Sudan rivals agree power-sharing deal

UAE Minister of State for Foreign Affairs Anwar Gargash praised the move


The two sides agreed to establish a sovereign council with rotating leadership for at least three years, African Union mediator Mohamed Hassan Lebatt told a news conference.

They will also form an independent technocratic government and will launch a transparent, independent investigation into violent events in recent weeks.

The deal was brokered after two days of talks brokered by Ethiopian and African Union mediators.

"The two sides agreed on establishing a sovereign council with a rotating military and civilian (presidency) for a period of three years or little more," African Union (AU) mediator Mohamed El Hacen Lebatt told reporters.

UAE Minister of State for Foreign Affairs Anwar Gargash welcomed the "promising political transition" and said the Emirates would stand with Sudan through good and bad times.

In a statement, the Ministry of Foreign Affairs and International Cooperation affirmed the UAE's firm support for any measures taken by Sudan to preserve its security and stability and achieve prosperity for its people.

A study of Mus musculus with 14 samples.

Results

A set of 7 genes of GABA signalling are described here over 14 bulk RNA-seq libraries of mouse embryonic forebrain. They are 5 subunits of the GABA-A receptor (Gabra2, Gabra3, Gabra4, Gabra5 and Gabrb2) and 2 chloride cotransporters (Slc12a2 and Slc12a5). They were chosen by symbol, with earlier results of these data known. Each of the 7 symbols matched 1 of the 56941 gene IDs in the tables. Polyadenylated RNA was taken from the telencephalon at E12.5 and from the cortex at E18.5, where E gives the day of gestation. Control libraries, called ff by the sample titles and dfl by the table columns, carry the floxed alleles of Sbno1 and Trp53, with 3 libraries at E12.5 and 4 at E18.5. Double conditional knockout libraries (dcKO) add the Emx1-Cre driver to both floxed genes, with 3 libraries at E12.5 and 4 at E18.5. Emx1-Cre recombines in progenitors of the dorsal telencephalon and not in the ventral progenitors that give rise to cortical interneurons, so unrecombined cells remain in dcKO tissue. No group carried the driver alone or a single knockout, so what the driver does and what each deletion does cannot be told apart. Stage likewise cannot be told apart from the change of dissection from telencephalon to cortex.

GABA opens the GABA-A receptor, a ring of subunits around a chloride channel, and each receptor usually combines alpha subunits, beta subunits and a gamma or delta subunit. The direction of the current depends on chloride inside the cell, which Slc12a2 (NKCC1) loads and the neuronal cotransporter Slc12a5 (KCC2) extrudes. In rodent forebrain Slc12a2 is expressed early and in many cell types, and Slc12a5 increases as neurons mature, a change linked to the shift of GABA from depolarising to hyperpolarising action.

Thousands of civilians took to the streets in the capital Khartoum in celebration when the news broke.

The agreement ended several months of political deadlock following the ousting of former president Omar Al Bashir by generals in April.

General Mohamed Hamdan Dagalo, deputy head of the Transitional Military Council said he wanted to "reassure all political forces, armed movements and all those who participated in the change from young men and women … that this agreement will be comprehensive and will not exclude anyone."

Gen Dagalo's Rapid Support Forces are accused of being behind the recent killing of some 100 protesters at a sit-in against the military council.

Leaders from the umbrella protest movement, the Alliance for Freedom and Change, said later on Friday that the final agreement could be signed next week in the presence of regional heads of states.

Omar Al Degair, a figure in the Forces for Freedom and Change,  which has been at the forefront of civil disobedience against military rule, said: “We hope that this is the beginning of a new era.”

While UN chief Antonio Guterres called on "all stakeholders to ensure the timely, inclusive, and transparent implementation of the agreement and resolve any outstanding issues through dialogue", his spokesman said.

Saudi Arabia's foreign ministry hailed the deal, which it said could pave the way for "a new phase of security and stability" for Sudan.